If it is true that God only does that which glorifies himself, and for no other reason than to glorify himself, then how can we say that God purposes love for humanity?
If it is true that the hypothetical necessity of the atonement is true (as opposed to the absolute necessity), then the atonement springs not from the love of God, but from his desire to glorify himself only.
If it is true that God only does that which glorifies himself, then we cannot say that his love motivates him, but only his desire to glorify himself. If we couple this idea of self-glorification with a one-sided, low view of mankind as a worthless sinner, as opposed to being a sinner in deserved judgment of God as well as one made in the image of God and therefore having value and worth--true worth born out of the dignity of being made in his image--then how do we suggest to people that God loves by virtue of the fact that they have worth?
The absolute necessity of the atonement arises out of the perfections of God's nature, and shows the value of mankind in that "without the shedding of blood, their is no remission of sins" (Hebrews 9:22). Because of who God is, there must be the shedding of blood in order to forgive sins, the penalty of which is death. But why blood? Why not just...death? Death by drowning, death by stoning, death by old age, death by disease, by falling headlong and fracturing the skull, by poisonous arrow or sting or bite. Why the blood of Jesus shed in on the graphic Roman scourge and the piercing, blood-letting nails of the cross, and the crown of thorn, oozing out his life?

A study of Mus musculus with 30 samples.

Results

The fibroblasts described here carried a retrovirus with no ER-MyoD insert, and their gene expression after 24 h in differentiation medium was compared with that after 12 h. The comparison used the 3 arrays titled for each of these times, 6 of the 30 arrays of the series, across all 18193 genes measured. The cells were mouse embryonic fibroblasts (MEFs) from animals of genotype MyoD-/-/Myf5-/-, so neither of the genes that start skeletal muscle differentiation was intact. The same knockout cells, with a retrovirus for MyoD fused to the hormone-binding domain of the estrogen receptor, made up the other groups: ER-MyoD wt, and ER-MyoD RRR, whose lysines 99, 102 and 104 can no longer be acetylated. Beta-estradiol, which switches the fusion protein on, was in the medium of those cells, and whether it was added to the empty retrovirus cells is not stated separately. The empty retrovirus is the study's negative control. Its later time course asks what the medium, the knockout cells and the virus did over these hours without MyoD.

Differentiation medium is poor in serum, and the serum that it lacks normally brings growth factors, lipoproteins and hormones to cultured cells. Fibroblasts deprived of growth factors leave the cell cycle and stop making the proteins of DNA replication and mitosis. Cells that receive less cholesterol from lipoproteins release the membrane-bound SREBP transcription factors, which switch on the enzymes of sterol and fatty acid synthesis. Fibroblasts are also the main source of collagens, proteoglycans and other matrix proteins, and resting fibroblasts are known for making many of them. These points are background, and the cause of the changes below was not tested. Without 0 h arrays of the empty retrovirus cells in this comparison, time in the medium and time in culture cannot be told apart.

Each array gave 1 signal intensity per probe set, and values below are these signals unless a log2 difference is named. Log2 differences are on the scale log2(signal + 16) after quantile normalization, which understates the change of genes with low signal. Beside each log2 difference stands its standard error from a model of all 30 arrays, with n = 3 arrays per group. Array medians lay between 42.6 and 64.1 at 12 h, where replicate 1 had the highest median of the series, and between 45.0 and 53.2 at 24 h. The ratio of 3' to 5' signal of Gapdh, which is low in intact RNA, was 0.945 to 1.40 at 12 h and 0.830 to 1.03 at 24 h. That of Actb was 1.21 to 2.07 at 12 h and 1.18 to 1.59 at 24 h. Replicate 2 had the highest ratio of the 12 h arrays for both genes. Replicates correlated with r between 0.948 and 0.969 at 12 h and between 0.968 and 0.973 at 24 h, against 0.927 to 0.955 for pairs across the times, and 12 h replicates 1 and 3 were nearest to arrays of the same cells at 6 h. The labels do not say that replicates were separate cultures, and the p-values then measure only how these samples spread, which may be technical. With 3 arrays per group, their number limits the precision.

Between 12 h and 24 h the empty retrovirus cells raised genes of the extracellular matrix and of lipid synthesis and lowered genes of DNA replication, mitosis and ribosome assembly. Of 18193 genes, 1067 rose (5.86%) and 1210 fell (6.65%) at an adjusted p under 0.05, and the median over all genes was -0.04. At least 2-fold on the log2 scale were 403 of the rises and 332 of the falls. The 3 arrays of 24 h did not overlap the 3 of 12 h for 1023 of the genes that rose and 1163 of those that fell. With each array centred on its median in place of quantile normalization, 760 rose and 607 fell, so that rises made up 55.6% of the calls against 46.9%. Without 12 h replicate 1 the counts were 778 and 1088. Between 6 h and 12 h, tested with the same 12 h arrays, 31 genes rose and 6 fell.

I'm not sure. I suspect it has something to do with the serious, graphic insult of what sin is--a contradiction to the holiness of God. It is an awful contradiction and virus that must be destroyed with the most vehement disgust. Perhaps that is what God thinks of sin. His wrath burns against it. But his love is the fount and spring from which his desire to forgive flows....
When the Apostle John wrote, "God is love," (1 John 4:16) he predicated the love of God to an essential aspect of God's nature. If it is true that "in him we live and move and have our being," as Paul quotes the Cretan poet Epidmenides (c. 600 BC), then we must argue that it is the love of God, not the glory of God which is greater, especially in the realm of human experience. "God is love." It does not say "God is glory." It does say God is holy. Holy, holy, holy, is the Lord God Almighty, who was, and is, and is to come! (Revelation 4:8; cf. Isaiah 6:3). We know that God is glorified when his children worship and obey him and when they do his will in loving God, neighbor, animal and earth, but to do so only comes from the sovereign power of God which springs from his love toward mankind in order to create a new humanity rooted in the death, resurrection and coming of Jesus Christ.